Friday, September 19, 2014

Movie Review: The Drop

The Drop
Directed by: Michaël R. Roskam.
Written by: Dennis Lehane based on his short story.
Starring: Tom Hardy (Bob), Noomi Rapace (Nadia), James Gandolfini (Cousin Marv), Matthias Schoenaerts (Eric Deeds), John Ortiz (Detective Torres), Elizabeth Rodriguez (Detective Romsey), Michael Aronov (Chovka), Morgan Spector (Andre), Ann Dowd (Dottie).

I have read most of Dennis Lehane’s novels, and one of the things that always strikes me as I read them is how often they sneak up on you – how the start out as little more than genres stories, but end up at a much deeper, darker place that illuminates some darkness in humanity. With the exception of Shutter Island (which is perhaps Lehane’s worst book, but was made into the best adaptation of his work by Martin Scorsese), this gradual darkening doesn’t come in the form of a twist ending as much as a slow descent into the darkness of the material that eventually becomes clear. I haven’t read the short story that The Drop is based on, but the film version does the same basic thing. It starts out as seemingly a movie about a bar used as a drop for mob cash, and the men who work there – who are on the fringes of criminal activity. But the last few scenes take this seemingly straight forward story into some very dark, disturbing places.

The film stars Tom Hardy, in another of his string of remarkable performances, as Bob – who has worked in Cousin Marv’s bar for years, and tells anyone who asks that he's just the bartender – nothing else. He's a big man, but is seemingly gentle and kind – the kind of guy who when he’s walking alone at night and hears a dog whining, he stops to investigate. He finds a pit-bull puppy in the garbage can outside of the house of Nadia (Noomi Rapace) – who had no idea the dog was there. The dog had been badly abused, but Nadia cleans the dog up, and soon Bob is taking care of the dog – who he falls in love with. Nadia also loves the dog – and is soon hanging out with both Bob and the dog – who they name Rocco. The relationship between the two develops slowly. Cousin Marv (James Gandolfini) used to own that bar, and was a low level gangster and loan shark, but 10 years ago, he sold out to the Chechens who wanted to move into the Brooklyn neighborhood, and who Marv decided not to go to war with. It’s a decision he still regrets. He used to be someone, and now he’s nothing – and that makes him angrier than anything. Then two things happen that set the plot of the movie into motion. The first is a robbery at the bar – one that the Chechens and the Detective Torres (John Ortiz) are suspicious of. The second is the appearance of Eric Deeds (Matthias Schoenarts) – Nadia’s ex-boyfriend, who shows up on Bob’s door, and tells him that the dog is his – and Bob doesn’t do what he says, he’ll take the dog back.

Hardy has slowly become one of the best, most interesting actors working today. Already this year, he delivered a stunning performance as a Welsh-man in Locke – where he spent the entire movie in his car, by himself, talking to various people on the phone. His accent in that movie is precise and memorable – and his Brooklyn accent here is just as memorable. Hardy never seems to sound the same in any two movies – think back to his work in Bronson or Tinker Tailor Soldier Spy or Lawless – to see what I mean. He plays Bob as a sort of gentle giant – calm, quiet, at times he almost appears to be a little slow. But from the beginning we sense something not quite right about him – he doesn’t get flustered by a rather grisly delivery, and while he goes out of his way to avoid conflict, we sense you don’t want to get on his bad side. Gandolfini, in his final screen role, delivers one of his best big screen performances – he is quiet too, his shoulders hunched from carrying too much weight. He’s more bitter than anything else – bitter that after everything he’s gone through, he is still broke, still working at the same bar, and is being pushed around by people he hates. It’s a brilliant performance by Gandolfini. Schoenarts, who like Hardy is becoming one of the more interesting actors working today, is also great as Eric Deeds – a somewhat unhinged, violent man who wants everyone to know he is unhinged and violent – but for all his talk, we don’t actually see him do anything. Unfortunately the film basically wastes Rapace – who is good in the role – but unlike the three men in the movie she isn’t given much depth to play – there’s not as much going on beneath the surface of her character – she is precisely who she appears to be.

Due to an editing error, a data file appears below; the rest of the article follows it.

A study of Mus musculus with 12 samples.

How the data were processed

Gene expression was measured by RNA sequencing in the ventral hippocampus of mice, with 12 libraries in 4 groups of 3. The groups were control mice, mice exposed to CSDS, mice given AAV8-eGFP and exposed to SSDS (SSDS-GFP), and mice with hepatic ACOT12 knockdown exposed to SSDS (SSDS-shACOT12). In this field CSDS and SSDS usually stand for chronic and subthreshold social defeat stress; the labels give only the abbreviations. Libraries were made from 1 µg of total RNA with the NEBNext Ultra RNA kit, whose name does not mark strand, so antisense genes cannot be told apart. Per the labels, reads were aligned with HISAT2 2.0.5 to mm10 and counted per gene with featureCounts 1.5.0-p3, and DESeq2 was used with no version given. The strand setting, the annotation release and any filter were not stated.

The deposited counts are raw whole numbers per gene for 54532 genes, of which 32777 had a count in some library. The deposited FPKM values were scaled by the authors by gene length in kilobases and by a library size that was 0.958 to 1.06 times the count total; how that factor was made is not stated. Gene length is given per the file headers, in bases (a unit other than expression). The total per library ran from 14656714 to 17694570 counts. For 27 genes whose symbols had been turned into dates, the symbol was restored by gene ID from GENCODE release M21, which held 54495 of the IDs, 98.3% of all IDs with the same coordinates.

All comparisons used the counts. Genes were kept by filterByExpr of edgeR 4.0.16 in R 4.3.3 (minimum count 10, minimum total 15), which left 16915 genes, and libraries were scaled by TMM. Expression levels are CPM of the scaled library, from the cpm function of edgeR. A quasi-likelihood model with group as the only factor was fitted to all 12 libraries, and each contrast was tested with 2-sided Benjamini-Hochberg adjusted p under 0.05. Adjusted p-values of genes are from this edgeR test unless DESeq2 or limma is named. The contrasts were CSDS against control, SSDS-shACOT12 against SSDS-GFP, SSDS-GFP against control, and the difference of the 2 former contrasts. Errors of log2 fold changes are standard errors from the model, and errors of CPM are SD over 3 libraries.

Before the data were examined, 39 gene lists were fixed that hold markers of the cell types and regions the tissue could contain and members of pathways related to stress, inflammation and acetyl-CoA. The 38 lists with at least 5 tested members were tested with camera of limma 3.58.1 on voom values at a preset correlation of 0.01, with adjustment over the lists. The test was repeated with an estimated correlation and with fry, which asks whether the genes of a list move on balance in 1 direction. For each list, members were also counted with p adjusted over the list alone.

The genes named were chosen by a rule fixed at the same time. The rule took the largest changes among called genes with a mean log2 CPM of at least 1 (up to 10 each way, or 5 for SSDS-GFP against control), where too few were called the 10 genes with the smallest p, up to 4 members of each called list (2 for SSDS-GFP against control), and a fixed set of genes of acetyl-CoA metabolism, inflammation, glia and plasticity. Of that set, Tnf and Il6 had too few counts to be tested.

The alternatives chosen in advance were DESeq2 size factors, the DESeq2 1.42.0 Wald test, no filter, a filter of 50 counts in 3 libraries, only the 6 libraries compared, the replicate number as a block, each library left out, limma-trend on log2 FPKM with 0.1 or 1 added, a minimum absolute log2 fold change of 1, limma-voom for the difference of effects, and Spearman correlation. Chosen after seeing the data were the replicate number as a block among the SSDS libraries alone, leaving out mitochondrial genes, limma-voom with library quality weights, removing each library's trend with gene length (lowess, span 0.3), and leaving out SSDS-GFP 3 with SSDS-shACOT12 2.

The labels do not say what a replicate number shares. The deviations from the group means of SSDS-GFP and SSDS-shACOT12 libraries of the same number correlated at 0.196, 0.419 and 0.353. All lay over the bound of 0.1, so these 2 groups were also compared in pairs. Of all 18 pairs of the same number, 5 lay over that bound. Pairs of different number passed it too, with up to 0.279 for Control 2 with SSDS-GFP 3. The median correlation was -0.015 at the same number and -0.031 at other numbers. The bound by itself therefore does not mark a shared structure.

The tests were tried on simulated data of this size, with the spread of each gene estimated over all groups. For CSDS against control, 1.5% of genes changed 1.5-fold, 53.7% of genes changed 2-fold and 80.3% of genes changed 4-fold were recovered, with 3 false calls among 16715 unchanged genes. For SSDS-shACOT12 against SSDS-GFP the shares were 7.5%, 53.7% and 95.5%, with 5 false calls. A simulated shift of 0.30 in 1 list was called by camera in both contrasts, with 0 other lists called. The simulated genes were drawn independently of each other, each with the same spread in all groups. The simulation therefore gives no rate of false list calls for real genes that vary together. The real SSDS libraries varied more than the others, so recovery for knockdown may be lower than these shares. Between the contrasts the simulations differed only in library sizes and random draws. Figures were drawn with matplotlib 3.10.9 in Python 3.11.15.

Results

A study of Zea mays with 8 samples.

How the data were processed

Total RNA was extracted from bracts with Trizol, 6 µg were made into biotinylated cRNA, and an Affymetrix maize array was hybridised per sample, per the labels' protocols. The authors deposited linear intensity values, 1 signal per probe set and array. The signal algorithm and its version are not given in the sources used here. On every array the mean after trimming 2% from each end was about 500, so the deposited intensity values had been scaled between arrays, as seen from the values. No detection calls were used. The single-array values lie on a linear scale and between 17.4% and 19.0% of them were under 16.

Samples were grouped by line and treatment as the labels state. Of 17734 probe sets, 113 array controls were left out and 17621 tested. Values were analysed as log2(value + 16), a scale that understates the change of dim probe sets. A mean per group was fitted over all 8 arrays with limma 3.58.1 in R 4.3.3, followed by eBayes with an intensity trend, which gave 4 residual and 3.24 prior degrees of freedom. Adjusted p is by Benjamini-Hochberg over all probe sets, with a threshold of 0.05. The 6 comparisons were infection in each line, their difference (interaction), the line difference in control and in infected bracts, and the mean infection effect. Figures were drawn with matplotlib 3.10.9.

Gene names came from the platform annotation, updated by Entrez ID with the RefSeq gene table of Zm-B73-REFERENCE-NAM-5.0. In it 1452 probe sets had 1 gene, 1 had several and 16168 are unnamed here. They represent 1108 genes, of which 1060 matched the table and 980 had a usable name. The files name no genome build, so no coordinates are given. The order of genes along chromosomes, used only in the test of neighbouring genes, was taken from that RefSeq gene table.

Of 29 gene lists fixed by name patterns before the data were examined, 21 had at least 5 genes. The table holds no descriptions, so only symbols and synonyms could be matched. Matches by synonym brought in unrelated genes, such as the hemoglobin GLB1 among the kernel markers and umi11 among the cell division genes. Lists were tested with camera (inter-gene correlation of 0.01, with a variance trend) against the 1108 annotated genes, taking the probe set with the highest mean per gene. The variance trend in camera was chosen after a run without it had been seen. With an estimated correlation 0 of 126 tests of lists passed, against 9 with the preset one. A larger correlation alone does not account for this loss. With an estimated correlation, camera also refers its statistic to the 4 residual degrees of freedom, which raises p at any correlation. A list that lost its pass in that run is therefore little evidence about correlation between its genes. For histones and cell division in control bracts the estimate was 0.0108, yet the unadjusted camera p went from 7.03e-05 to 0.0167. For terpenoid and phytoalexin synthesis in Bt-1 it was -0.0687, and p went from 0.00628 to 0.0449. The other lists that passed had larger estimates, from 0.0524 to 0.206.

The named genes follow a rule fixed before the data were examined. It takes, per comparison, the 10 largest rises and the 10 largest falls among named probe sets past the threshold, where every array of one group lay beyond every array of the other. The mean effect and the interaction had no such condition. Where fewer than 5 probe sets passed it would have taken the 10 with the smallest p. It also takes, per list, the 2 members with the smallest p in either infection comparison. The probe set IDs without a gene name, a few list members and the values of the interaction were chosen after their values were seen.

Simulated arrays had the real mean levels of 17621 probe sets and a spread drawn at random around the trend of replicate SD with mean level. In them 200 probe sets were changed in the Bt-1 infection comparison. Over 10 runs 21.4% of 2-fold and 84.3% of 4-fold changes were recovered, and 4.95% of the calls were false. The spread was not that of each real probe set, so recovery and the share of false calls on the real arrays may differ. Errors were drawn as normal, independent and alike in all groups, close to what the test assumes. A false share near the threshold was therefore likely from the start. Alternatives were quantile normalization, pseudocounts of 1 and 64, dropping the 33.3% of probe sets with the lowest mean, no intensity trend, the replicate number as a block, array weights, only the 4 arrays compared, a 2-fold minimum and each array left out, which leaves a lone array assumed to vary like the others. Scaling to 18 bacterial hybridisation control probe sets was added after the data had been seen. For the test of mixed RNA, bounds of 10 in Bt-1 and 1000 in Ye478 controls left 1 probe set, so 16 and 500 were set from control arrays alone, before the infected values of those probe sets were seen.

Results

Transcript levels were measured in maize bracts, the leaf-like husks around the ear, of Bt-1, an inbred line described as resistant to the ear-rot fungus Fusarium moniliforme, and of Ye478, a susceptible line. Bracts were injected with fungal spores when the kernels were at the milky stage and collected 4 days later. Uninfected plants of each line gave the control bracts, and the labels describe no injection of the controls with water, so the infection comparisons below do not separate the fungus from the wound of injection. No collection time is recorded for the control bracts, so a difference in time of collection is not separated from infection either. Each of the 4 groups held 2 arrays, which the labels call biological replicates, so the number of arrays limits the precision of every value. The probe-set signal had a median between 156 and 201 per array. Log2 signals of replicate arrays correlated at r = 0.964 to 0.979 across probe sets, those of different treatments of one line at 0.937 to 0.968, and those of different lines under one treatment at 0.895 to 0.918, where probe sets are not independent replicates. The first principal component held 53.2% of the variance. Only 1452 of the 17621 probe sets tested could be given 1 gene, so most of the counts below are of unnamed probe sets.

This is the second film by director Michael R. Roskam, following the Academy award nominated Bullhead (for Foreign Language film) also starring Schoenarts. That film and this one share some things in common in their portrait of wounded masculinity. But I think The Drop is the better, stronger, deeper film. The film is low on plot, and moves at a rather leisurely paced right up until its rather shocking ending. But that’s because the film isn’t really a plot driven movie – but a darker film about these men and the things they do. It’s not an overly original film, but with its performance, its dark visual look, and its effective ending, it’s still a knockout.